Probes find a new plume on Io

Two spacecraft jointly eyeing Jupiter’s moon Io, the most volcanically active body in the solar system, have spotted a towering new plume.

Images of Io show two volcanic plumes (arrows). One spews from the equatorial volcano Pele (left). A new plume emerges from Tvashtar Catena near Io’s north pole (right). NASA/JPL

Both the height and location of the eruption, imaged last December and January by the Cassini and Galileo craft, make it a standout. It’s the first active volcano found near one of Io’s poles. Moreover, this sulfurous inferno reaches an altitude of nearly 400 kilometers. Only one other Io plume is as tall–a long-lived one spewing from the prominent volcano Pele.

The new eruption, seen in images NASA released on March 29, emanates from the Tvashtar Catena volcano near Io’s north pole. If the Tvashtar plume persists at its present height, Galileo will pass directly through it in August at an altitude of 360 km.

Material in the plume is too tenuous to harm the craft, and the flyby will provide an ideal opportunity to analyze the composition of the outflow, says Galileo project scientist Torrence V. Johnson of NASA’s Jet Propulsion Laboratory in Pasadena, Calif.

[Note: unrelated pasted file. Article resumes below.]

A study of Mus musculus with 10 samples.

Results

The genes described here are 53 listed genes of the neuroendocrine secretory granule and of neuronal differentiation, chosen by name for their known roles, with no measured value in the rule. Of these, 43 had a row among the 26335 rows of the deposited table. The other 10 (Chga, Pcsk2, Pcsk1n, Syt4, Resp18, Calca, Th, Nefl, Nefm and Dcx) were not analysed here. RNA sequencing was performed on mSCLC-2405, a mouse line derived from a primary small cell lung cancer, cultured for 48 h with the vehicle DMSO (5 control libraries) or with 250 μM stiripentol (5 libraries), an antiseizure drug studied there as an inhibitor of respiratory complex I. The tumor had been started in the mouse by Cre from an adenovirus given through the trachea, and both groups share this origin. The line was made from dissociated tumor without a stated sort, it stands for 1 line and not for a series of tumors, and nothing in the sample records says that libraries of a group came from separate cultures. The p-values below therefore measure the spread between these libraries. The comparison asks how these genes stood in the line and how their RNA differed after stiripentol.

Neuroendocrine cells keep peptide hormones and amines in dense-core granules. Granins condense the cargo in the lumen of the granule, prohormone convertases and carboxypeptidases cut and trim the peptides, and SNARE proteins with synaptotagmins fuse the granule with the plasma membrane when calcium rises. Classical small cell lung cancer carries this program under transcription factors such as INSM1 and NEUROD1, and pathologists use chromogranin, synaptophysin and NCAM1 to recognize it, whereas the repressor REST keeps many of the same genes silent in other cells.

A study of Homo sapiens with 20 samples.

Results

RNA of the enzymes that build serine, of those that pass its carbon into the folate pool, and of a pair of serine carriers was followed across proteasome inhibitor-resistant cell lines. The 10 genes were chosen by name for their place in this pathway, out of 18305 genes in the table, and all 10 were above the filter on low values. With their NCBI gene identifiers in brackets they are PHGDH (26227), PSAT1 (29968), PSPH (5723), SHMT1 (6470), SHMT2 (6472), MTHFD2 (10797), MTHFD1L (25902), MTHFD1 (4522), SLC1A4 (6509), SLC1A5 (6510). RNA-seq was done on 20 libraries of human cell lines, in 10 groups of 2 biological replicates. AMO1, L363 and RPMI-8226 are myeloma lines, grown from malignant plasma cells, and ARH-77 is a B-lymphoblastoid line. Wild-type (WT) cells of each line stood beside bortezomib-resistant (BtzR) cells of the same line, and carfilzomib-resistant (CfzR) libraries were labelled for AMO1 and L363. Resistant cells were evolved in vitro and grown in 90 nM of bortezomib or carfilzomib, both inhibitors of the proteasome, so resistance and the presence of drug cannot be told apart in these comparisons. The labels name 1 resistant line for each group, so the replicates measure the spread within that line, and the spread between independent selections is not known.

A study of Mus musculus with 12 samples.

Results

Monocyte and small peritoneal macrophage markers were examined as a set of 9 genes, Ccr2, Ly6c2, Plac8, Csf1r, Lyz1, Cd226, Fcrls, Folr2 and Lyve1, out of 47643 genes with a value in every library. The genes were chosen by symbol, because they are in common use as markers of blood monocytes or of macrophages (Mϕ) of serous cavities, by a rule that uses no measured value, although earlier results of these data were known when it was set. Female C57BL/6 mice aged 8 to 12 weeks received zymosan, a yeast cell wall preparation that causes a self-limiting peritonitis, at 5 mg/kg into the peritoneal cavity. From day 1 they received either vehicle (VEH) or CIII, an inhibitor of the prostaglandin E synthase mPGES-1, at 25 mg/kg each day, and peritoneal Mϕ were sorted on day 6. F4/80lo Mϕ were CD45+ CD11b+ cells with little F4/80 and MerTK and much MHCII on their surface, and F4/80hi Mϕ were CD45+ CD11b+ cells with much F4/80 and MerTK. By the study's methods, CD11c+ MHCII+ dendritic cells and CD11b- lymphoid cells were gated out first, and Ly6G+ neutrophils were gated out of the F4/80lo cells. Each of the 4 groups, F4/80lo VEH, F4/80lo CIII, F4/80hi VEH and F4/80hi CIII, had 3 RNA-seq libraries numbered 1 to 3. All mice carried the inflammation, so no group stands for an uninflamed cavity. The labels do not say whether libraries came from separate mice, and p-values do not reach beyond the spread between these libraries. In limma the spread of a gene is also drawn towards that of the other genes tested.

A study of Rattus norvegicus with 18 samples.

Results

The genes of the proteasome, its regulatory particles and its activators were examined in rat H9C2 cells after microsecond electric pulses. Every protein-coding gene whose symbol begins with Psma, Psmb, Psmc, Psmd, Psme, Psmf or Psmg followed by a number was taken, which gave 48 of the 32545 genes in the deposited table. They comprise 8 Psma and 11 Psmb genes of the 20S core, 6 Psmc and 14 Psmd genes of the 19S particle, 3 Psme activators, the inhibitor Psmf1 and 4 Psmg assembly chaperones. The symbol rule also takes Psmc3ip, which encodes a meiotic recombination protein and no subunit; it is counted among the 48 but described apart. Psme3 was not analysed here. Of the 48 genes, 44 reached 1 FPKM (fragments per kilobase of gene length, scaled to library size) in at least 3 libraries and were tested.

The joint imaging venture by Cassini and Galileo is a case of fortuitous timing. Cassini’s sojourn at Jupiter is brief: It arrived in late December and will leave in June, after getting enough of a gravity kick from the giant planet to reach Saturn in July 2004. Galileo, which has toured Jupiter and some of its moons since 1995, was originally scheduled to end its mission 2 years ago.

Impressed by Galileo’s ability to withstand the harsh radiation near Jupiter, NASA already had extended Galileo’s mission twice. In January, the agency gave the craft a third and final reprieve. If all goes according to plan, on May 25 Galileo will pass within 123 km of Callisto, the second largest of Jupiter’s moons. Callisto’s gravity will enable the space probe to swing past Io in both August and October.

Galileo’s picture-taking days will end this winter, but if its health endures, the craft will continue studying Jupiter for another 18 months. In November 2002, Galileo will venture closer to Jupiter than ever before, coming within 500 km of its tiny moon Amalthea, which is less than one-tenth Io’s size. After looping away from Jupiter, Galileo will return one last time, crashing into the planet in August 2003.